Syn.: Absinthium frigidum (Willd.) Besser
Family: Asteraceae Bercht. et J. Presl

Artemisia frigida

Distribution: Circumpolar in large areas in Eurasia and North America. Found in Eastern Europe (from river Volga eastward), in Russian Siberia through Krasnojarsk area to Burjatsk and Yakutsk, Altay and even into Tadjikistan and Kyrgystan and across Tibet to Mongolia, and northern China. In North America it grows from arctic areas of Alaska right down to Texas prairie. It has spread to SW of Canada and east of US. In these areas it is recognized in 2 varieties.

Ecology: It grows in steppes, prairies, dry meadows, dunes, but even in tundra, in margins of fields, disturbed areas, at elevations from 500 to 3300 m, in China up to 4000 m. Blooms from summer to autumn.

Description: Perennial herb 10–50 cm tall, strongly aromatic. The stem is straight or leaning, woody at base, silvery grey to brown. The leaves are persistent, alternate, ovoid, 5–15 cm long, divided into 2–5 thread-like segments, silvery green. Inflorescence is a leafy raceme with heads 2–3.5 mm long, disc florets yellow, ray florets absent, bracts greyish green, hairy, borne in several overlapping rows. Fruit is an achene about 3 mm long.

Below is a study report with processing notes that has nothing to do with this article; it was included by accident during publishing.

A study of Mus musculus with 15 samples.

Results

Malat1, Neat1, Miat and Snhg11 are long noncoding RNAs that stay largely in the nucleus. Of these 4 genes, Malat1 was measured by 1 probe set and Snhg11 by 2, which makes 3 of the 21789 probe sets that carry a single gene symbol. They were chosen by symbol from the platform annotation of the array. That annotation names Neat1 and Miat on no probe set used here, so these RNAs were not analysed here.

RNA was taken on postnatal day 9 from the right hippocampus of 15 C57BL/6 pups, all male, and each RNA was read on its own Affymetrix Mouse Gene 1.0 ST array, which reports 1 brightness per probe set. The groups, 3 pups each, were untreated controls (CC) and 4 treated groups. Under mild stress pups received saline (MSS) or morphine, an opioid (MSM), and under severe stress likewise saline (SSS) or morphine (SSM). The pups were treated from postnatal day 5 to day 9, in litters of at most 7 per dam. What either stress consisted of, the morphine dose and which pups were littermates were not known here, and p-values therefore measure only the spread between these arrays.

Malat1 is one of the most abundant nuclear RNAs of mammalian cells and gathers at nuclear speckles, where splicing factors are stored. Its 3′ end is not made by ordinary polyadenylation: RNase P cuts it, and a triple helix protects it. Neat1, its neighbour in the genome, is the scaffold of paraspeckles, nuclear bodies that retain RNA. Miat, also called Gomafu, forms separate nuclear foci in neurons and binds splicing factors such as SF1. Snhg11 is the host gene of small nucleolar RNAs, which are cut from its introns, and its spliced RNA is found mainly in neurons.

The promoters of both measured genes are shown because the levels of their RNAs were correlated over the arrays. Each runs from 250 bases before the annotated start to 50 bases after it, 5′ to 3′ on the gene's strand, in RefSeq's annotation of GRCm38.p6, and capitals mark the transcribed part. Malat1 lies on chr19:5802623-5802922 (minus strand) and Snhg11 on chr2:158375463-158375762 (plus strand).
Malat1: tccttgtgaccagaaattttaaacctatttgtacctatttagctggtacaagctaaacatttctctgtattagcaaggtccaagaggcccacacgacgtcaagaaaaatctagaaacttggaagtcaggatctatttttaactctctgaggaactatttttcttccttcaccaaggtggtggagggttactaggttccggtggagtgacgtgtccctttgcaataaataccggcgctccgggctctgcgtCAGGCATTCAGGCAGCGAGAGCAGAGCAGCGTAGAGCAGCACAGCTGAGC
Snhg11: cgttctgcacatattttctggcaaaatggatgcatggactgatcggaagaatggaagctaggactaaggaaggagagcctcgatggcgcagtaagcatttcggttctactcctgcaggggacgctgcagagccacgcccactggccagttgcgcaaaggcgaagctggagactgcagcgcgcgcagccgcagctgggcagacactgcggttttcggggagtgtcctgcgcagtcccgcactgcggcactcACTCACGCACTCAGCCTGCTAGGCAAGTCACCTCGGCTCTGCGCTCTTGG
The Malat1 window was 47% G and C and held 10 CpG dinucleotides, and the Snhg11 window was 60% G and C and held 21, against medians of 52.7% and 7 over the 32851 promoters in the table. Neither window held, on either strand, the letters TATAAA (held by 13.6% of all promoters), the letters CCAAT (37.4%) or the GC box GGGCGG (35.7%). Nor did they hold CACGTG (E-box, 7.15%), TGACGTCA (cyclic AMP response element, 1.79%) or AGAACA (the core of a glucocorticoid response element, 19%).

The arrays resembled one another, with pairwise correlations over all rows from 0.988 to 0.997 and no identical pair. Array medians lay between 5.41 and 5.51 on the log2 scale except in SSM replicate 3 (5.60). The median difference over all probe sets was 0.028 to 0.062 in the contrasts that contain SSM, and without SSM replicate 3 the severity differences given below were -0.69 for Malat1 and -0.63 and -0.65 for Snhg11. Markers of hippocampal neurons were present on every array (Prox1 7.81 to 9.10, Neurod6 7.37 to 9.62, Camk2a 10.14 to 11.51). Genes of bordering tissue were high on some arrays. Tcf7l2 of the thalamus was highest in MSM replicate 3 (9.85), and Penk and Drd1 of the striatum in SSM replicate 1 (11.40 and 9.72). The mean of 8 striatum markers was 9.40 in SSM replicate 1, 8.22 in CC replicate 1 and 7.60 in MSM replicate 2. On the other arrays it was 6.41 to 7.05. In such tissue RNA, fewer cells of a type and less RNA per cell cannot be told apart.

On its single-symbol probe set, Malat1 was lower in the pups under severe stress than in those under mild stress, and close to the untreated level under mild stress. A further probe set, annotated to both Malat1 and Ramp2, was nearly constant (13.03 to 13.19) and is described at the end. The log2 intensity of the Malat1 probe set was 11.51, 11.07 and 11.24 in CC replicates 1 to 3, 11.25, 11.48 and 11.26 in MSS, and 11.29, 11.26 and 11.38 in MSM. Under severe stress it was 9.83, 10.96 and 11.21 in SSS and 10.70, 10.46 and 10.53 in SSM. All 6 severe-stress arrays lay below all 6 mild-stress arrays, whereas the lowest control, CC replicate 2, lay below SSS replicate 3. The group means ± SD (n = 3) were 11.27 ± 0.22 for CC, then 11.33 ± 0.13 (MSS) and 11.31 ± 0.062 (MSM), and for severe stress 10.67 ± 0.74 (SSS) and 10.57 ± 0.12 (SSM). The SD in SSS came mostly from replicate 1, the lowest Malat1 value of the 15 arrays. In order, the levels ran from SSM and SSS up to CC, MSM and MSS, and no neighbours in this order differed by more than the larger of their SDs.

Use: The Blackfoot chewed the leaves to relieve heartburn. They also used them to brew tea to relieve coughs and colds. Fresh leaves were thrown onto campfires to produce a pleasant fragrance.

Notes: This plant is sometimes associated with parasitic plant Orobanche fasciculata – Broomrape (as per one of the photographs).

Artemisia frigida
Artemisia frigidaArtemisia frigida
Artemisia frigida

These images were taken in Canada, Alberta, Calgary, Nose Hill Park (summer 2013).